Stem Cell Transplants to be Used in Treatment for Crohn’s Disease

A clinical trial has begun, led by Queen Mary University of London and Barts Health NHS Trust, which will use Stem Cell Transplants to grow a new immune system for people suffering from Crohn’s Disease, a chronic inflammatory disease of the intestines.

Crohn’s disease is a long-term condition that causes inflammation of the lining of the digestive system. It results in diarrhea, abdominal pain, extreme tiredness and other symptoms that significantly affect the quality of life. Current Treatments include drugs to reduce inflammation.

The Trial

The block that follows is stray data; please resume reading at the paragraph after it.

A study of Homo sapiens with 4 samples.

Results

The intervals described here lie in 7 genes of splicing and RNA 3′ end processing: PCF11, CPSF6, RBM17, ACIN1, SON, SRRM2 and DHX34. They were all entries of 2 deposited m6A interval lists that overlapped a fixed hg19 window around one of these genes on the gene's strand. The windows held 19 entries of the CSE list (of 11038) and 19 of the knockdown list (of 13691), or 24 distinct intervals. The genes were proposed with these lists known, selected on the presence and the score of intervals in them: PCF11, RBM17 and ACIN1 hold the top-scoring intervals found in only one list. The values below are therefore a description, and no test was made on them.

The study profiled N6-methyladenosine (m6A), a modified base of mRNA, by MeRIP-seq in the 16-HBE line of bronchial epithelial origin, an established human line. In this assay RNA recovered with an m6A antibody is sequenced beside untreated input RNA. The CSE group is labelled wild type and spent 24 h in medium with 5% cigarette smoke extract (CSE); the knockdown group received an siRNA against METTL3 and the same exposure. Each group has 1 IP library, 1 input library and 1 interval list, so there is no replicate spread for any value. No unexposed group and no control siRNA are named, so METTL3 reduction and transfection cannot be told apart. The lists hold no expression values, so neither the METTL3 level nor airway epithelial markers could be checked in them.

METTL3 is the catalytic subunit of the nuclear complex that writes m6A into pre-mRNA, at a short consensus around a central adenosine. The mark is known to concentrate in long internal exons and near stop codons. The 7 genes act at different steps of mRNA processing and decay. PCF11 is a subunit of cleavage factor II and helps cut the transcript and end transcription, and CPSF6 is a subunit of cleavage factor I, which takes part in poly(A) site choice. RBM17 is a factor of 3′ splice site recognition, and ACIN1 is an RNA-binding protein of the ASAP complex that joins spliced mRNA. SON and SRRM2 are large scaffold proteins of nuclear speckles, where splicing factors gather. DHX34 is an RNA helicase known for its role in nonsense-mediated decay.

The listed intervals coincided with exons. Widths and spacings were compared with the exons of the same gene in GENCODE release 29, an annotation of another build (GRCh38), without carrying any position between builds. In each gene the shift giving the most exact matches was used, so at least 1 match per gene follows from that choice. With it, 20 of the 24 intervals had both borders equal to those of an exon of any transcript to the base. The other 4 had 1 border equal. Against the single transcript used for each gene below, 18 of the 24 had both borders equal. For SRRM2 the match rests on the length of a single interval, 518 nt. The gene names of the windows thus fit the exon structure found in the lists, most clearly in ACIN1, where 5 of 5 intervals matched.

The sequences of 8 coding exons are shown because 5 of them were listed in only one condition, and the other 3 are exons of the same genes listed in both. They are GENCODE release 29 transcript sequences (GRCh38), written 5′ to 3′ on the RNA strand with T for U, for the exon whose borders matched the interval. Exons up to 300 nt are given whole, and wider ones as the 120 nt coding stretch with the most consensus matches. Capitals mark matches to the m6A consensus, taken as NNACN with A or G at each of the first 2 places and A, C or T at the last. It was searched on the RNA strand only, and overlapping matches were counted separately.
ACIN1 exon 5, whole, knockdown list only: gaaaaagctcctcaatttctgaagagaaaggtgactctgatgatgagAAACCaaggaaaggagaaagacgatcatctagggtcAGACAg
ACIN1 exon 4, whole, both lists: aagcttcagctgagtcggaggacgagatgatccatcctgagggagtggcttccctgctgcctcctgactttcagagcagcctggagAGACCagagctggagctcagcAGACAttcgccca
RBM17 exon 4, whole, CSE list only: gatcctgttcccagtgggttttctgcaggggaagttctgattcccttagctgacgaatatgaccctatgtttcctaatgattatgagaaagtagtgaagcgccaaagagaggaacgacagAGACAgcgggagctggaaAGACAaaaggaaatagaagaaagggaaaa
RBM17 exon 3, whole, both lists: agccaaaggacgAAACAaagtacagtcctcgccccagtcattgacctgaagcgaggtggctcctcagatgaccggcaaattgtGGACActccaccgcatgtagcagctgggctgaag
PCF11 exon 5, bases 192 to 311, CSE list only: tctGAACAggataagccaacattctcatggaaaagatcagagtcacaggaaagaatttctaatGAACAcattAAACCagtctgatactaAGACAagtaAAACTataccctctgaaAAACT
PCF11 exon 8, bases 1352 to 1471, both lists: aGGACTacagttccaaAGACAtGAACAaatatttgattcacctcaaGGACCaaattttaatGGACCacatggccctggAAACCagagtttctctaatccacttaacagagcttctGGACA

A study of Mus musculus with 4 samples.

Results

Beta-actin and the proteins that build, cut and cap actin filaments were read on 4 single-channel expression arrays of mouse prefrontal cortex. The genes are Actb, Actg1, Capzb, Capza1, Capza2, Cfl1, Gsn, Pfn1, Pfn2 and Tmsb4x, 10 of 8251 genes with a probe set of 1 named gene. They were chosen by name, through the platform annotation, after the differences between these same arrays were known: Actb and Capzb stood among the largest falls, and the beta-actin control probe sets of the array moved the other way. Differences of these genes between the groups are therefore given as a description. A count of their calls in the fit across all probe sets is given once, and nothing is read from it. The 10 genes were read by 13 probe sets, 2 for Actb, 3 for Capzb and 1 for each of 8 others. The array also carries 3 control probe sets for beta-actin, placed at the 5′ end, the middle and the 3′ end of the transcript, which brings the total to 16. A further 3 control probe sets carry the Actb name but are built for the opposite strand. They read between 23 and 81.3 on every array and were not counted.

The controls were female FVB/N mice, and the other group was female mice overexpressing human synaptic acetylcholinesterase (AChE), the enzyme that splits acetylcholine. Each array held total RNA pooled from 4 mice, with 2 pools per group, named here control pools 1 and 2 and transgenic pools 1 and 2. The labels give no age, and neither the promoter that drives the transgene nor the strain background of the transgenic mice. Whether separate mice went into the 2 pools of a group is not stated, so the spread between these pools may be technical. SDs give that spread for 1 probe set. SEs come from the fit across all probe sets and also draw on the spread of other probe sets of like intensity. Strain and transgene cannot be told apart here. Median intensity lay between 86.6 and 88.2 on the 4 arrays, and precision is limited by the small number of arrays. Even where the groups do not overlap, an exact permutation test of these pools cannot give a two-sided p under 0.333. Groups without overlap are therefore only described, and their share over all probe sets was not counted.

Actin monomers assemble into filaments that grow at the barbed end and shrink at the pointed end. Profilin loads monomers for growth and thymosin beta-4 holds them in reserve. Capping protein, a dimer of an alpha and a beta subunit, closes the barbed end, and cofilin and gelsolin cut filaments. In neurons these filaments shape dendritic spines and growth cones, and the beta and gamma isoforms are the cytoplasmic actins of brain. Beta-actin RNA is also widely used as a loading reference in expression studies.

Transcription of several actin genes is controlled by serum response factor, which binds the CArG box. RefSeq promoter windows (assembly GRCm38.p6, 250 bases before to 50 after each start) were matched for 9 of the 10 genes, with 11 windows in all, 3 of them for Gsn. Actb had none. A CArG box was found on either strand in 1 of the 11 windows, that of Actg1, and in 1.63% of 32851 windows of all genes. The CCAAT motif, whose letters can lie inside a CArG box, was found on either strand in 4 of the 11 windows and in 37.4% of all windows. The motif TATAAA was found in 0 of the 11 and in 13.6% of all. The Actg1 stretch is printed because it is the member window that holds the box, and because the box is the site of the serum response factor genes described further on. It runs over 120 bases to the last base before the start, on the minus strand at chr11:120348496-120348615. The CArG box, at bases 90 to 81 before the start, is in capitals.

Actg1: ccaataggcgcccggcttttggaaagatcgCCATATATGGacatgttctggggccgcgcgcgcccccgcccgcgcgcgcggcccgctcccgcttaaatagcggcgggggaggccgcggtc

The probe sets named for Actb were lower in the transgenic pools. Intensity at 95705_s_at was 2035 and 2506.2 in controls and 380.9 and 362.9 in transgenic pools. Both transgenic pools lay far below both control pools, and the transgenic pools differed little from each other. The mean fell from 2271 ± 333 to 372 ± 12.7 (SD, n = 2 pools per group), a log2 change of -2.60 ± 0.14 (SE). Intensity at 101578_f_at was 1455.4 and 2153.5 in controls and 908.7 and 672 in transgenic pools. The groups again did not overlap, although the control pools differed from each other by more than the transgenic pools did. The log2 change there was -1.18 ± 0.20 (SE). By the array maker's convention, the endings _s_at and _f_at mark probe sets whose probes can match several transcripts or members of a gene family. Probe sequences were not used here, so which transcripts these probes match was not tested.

But as Professor James Lindsay from Queen Mary University of London says, “Despite the introduction of new drugs, there are still patients who don’t respond to all available treatments.” But there is hope that by completely resetting the patient’s immune system through a Stem Cell, the researchers might be able to alter the course of the disease. It may not be a cure, but it may allow some patients to finally respond to drugs that did not work. The use of stem cell transplants has been found successful in treating multiple sclerosis. In the trial, patients undergo chemotherapy and hormone treatment to prepare their stem cells. In addition, chemotherapy is used to wipe out their faulty immune system. When the stem cells are re-introduced back into the body, the stem cells will develop into new immune cells, resulting in a fresh immune system. In theory, this new immune system will not react to the patient’s gut to cause inflammation, which is Crohn’s Disease.